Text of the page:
Say no to plastic: India’s hospitality industry braces up

A progressive and necessary measure, the recent plastic ban in India’s Maharashtra province has disrupted the lifestyle of businesses and consumers alike. 

The hospitality industry is no different and it was also affected by the sudden ban. The ban disrupts not only the revenues, but impacts as much as 65% of consumers who avail home delivery services, especially in busy urban metros like Mumbai.

The Hotel and Restaurant Association of Western India (HRAWI) thus began exploring options and advice from experts on the subject.

To address these issues and come out with practical solutions that will benefit the hoteliers as well as its patrons, the HRAWI persuaded Nidhi Choudhari – IAS, deputy municipal commissioner – to share her wisdom and insights.

Other than the ban of plastic, Choudhari also shoulders the additional charge of Removal of Encroachments Department. In the past, she has also championed the cause of implementation of Street Vendors Protection Act, Licencing, Shops and Establishment; and Legal Department.

“Disruption in managing food deliveries”

Dilip Datwani, president, HRAWI, said: “The industry is in agreement with the decision to do away with the use of plastic. The use of materials that disturb the ecology and which eventually may cause irreparable damage to our ecosystem has to be abandoned.

“The urgency in implementing this ban was understandable but it has repercussions for businesses. We are looking for all possible options to regulate the day to day functions without the use of plastic.”

Commenting on the implications of the sudden ban, Datwani added: “One of the more significant consequences of the ban has been the disruption in managing food deliveries. While budgeting expenses, hoteliers and restaurateurs take into account all its revenue sources. A sudden and unanticipated break in the revenue stream affects operations and consequently billings.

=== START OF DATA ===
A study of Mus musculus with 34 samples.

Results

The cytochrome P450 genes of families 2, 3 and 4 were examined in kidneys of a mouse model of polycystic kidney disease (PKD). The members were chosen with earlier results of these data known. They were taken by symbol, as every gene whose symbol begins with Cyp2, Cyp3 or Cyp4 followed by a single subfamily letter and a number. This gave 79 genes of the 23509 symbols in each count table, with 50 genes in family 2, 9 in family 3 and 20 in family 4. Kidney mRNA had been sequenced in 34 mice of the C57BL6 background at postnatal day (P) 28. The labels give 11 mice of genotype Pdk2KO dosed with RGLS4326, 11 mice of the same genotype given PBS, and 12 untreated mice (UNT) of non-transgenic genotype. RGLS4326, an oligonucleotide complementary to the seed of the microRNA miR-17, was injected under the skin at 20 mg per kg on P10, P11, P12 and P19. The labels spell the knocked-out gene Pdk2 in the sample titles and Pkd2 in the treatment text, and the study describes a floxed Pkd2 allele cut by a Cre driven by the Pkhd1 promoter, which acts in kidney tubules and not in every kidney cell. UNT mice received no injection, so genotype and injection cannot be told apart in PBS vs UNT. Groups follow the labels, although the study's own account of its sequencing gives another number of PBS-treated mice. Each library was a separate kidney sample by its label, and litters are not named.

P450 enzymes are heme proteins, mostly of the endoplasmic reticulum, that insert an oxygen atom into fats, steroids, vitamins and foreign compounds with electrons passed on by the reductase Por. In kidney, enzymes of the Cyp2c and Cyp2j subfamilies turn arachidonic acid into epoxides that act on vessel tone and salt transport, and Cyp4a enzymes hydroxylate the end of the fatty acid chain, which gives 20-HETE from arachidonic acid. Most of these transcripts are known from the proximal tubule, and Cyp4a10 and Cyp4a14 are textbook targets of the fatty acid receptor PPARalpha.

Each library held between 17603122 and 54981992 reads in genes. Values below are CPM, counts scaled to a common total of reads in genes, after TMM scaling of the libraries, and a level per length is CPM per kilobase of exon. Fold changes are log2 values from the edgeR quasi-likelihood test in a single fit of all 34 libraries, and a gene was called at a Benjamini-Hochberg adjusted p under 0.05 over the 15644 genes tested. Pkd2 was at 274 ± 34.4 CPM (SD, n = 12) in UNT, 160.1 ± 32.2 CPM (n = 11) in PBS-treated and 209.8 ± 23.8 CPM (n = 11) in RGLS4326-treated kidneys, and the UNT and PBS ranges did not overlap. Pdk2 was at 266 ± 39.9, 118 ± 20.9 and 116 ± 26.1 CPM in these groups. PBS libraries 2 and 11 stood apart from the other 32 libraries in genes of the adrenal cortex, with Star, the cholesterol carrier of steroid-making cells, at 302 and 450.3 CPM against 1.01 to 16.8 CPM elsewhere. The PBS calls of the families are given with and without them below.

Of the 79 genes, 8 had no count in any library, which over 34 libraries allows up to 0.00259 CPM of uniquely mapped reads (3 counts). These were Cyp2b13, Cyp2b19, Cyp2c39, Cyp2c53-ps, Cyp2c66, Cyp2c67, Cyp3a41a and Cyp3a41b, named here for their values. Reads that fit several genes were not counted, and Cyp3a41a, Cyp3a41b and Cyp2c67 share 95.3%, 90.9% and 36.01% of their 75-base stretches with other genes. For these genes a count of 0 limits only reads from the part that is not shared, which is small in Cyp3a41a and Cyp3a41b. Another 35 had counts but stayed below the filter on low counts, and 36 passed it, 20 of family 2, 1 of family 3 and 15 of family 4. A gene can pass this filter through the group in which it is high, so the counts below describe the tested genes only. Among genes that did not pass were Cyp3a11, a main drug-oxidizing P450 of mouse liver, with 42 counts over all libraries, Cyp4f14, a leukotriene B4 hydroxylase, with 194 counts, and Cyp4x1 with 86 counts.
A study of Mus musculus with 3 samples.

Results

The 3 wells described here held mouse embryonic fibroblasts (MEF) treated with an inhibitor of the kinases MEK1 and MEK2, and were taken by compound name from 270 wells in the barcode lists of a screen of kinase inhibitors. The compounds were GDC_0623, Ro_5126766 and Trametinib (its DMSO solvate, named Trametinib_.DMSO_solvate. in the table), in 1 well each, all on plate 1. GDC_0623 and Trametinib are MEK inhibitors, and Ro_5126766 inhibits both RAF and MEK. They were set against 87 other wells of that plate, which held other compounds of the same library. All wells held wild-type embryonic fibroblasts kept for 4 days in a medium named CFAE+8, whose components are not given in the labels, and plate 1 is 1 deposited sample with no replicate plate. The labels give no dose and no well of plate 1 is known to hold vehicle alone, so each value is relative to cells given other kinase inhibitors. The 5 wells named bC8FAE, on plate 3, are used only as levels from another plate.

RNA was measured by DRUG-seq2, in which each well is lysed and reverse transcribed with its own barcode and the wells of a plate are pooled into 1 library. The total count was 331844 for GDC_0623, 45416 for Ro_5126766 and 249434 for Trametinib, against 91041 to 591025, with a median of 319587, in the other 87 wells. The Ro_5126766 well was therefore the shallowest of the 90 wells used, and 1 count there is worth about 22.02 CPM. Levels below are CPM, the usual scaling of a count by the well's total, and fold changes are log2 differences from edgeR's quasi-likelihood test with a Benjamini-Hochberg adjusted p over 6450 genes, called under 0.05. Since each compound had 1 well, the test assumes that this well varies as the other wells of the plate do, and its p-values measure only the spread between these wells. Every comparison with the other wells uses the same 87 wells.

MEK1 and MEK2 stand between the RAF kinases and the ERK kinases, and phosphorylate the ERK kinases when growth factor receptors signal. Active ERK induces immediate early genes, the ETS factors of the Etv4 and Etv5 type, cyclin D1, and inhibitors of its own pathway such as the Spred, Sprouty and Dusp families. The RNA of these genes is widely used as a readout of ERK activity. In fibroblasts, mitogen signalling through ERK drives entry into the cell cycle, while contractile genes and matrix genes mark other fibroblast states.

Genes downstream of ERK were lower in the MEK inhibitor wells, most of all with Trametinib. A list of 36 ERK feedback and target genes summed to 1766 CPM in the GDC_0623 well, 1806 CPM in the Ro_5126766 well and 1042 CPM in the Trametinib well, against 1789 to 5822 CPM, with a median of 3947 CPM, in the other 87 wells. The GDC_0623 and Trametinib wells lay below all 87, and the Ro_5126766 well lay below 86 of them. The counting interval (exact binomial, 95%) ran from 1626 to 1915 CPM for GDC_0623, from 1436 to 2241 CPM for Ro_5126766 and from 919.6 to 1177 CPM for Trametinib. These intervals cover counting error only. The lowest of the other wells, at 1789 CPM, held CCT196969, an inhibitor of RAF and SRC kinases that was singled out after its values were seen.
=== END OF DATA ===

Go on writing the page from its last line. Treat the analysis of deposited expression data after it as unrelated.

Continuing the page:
“Additionally, adopting eco-friendly materials has cost implications which will raise the prices on the menu and may not be appreciated by the customer. We are seeking the most constructive way to cope with the change and hope to come out with a win-win solution.”

From paper straws to edible cutlery and reusable laundry bags, the industry is going every mile to accommodate the ban. While the restaurants have adapted to the use of non plastic materials for dry food, delivering liquid food continues to remain a challenge.

“Transitioning to a plastic-free business”

Dr Sangita Hasnale, assistant municipal commissioner, nodal officer of the ban, also offered insights and urged the industry to migrate to recyclable materials. Hasnale, said: “The MCGM has been taking several steps to curb the use of plastic to eventually eradicate it completely.

“The ban on its use is only one of the steps which is being supplemented by MGGM’s other initiatives including raising awareness on alternative materials and healthy disposal of plastic. We would like the hotel industry to partake in this effort and simultaneously, we too will help the industry in transitioning to a plastic free business.

“The Municipal Corporation too has planned on organising similar seminars and road-shows for enterprises to participate and understand the several aspects behind the plastic ban move. The MCGM has placed multiple segregation points across the city for F&B operators to dispose-off any plastic they may possess. We look forward to receiving your cooperation and support in making our city plastic free”.

Datwani concluded: “It should be a matter of time before the industry finds the ideal alternate material to replace plastic and in the meanwhile, we will hope for the Government to give us leeway where there is no present solution”.